Facing increased pressure from Democrats to take some level of action on gun control measures on the heels of two deadly mass shootings in Texas and Ohio, President Donald Trump told reporters on Friday that he wants “intelligent background checks.”
Trump also said that the issue wasn’t a question of partisan politics or the National Rifle Association and sounded confident that Congress would be ready to come together on the issue. He indicated that Senate Majority Leader Mitch McConnell was “totally on board” with the plan.
Surprisingly, given their recent history of public clashes, Trump indicated that he had a “great talk” with House Speaker Nancy Pelosi and Senate Minority Leader Chuck Schumer on the issue of guns, according to The Hill.
“I think with a lot of success that we have, I think I have a greater influence now over the Senate and over the House,” he said.
“I think we can get something really good done. I think we can have some meaningful background checks,” Trump told reporters as he prepared to depart for a fundraiser.
The president also said that while they tried to do something after the tragic mass shooting in Parkland, Florida in 2018, support for the issue seemed to be stronger now than it was then.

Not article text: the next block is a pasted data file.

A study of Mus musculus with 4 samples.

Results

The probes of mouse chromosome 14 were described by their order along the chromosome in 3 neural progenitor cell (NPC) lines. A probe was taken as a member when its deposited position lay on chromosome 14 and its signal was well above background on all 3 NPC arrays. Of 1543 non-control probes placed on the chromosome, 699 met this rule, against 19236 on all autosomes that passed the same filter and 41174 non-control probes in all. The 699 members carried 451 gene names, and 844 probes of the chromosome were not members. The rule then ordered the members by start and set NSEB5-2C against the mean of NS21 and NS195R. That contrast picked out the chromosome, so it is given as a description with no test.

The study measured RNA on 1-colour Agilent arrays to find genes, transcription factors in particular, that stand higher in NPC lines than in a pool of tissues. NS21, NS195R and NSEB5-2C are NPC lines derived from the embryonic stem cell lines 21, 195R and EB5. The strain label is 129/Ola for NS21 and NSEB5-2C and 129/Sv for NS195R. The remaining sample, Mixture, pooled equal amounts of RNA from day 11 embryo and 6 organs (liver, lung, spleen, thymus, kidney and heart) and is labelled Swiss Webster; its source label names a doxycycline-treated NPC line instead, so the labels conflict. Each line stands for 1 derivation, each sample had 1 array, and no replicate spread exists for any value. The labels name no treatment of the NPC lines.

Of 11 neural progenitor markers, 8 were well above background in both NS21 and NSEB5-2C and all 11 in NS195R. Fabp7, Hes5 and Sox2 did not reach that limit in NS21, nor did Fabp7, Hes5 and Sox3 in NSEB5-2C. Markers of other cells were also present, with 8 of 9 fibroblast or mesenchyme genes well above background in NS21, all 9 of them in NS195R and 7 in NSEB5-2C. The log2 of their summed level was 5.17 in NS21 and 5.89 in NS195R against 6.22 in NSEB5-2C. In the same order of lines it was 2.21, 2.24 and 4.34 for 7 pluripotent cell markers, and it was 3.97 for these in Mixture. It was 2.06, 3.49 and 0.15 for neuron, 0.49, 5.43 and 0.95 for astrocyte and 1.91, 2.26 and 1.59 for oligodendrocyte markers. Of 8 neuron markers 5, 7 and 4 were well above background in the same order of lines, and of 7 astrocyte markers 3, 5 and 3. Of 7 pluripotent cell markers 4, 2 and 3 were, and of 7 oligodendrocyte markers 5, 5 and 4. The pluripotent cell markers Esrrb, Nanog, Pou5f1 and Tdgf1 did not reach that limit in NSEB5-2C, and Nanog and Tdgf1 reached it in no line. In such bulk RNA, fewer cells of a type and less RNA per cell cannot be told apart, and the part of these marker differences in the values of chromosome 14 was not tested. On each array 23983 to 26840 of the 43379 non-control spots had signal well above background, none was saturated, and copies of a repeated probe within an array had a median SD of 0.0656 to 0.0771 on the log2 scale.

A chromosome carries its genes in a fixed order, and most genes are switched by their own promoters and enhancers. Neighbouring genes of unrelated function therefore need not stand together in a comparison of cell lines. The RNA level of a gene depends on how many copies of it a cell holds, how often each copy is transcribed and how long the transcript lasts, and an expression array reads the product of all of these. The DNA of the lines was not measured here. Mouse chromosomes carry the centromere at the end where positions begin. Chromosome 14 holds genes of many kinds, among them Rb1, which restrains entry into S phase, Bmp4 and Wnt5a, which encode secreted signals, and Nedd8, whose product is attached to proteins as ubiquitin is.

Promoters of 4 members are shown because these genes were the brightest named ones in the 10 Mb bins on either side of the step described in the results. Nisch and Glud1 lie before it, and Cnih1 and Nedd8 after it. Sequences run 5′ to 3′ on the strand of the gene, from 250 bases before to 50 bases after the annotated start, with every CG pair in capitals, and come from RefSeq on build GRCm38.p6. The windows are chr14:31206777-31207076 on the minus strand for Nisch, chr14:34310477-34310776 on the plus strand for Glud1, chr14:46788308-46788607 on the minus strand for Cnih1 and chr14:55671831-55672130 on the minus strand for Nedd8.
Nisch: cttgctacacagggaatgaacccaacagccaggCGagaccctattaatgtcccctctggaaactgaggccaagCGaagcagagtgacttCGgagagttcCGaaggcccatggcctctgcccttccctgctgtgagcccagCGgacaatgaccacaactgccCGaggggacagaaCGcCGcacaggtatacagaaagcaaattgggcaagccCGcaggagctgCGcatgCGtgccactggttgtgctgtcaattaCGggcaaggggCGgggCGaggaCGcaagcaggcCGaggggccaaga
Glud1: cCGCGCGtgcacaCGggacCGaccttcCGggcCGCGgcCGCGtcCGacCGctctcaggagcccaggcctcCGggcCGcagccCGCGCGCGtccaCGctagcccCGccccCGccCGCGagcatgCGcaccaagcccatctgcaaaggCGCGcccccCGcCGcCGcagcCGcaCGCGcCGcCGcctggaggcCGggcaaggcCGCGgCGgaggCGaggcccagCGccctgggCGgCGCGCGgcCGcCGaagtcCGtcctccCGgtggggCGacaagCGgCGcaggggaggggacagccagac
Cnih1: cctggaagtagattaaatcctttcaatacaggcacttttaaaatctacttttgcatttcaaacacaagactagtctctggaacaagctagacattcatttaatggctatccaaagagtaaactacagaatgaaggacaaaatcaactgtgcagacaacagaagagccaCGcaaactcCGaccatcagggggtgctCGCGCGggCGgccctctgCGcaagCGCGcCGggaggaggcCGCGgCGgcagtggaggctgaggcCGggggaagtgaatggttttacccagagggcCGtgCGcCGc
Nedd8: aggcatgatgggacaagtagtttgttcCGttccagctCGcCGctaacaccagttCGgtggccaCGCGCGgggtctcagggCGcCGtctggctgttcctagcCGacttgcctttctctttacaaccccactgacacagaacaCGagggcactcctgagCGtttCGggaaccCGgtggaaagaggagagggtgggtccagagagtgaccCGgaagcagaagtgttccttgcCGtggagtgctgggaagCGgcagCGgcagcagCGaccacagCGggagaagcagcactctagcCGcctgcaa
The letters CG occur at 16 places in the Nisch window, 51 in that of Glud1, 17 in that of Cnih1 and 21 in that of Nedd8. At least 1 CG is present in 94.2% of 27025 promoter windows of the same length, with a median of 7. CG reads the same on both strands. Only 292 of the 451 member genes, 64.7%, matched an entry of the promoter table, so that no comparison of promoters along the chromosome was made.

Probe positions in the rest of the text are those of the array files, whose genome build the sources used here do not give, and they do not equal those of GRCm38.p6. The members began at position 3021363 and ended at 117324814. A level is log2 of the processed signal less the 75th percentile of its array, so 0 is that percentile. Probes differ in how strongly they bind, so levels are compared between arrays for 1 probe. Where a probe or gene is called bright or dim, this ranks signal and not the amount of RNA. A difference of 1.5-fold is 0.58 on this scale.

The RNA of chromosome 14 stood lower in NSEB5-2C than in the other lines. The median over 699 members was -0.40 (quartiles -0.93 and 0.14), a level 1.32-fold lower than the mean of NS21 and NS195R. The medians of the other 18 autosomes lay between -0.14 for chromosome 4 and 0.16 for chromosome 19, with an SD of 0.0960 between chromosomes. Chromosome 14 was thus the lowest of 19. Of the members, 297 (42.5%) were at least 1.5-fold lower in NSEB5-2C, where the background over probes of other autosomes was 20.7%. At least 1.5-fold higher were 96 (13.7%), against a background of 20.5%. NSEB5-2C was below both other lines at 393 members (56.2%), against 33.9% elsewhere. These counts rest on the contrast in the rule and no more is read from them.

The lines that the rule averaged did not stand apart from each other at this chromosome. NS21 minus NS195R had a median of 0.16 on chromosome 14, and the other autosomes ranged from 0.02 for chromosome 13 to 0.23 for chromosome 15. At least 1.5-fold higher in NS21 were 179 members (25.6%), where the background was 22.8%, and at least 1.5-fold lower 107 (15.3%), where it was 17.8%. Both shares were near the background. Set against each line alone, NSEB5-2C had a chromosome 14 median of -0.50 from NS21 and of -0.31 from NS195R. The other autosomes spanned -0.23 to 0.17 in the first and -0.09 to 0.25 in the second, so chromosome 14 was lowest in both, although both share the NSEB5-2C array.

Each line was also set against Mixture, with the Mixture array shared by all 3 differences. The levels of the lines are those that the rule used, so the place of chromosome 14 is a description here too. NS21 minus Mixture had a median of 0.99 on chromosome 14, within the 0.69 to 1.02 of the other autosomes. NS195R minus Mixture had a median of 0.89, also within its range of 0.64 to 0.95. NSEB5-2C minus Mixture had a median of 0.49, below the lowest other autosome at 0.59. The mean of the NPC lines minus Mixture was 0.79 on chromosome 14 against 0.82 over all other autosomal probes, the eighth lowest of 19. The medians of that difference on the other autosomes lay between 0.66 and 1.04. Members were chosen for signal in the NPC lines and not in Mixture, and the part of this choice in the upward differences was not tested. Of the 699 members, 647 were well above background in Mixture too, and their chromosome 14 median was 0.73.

“I see a better feeling right now toward getting something meaningful done,” Trump said.
Trump has also publicly expressed support for what are being called “red flag” laws that give law enforcement the ability to take away someone’s firearms if they’re deemed a threat to the public or themselves. But in recent days, the NRA — an early supporter of Trump’s presidency — have publicly opposed such laws, claiming they would violate the Constitutional rights of gun owners.
McConnell, who will likely be the most important piece of the puzzle in convincing fellow Republicans to support legislation that would bolster background checks, has faced intense pressure since the mass shootings to cut short the August recess and reconvene the U.S. Senate for an attempt to debate two bills passed by House Democrats in February.
According to The Hill, on Thursday McConnell made his first public comments on the call from Democrats to activate the chamber early and suggested that doing so wouldn’t be for the right reasons. But the majority leader did indicate that once his chamber is back in session, he’s ready to put the issue at the front of the line.
“We’re going to have these bipartisan discussions and when we get back hopefully be able to come together and actually pass something. I want to make a law,” McConnell said.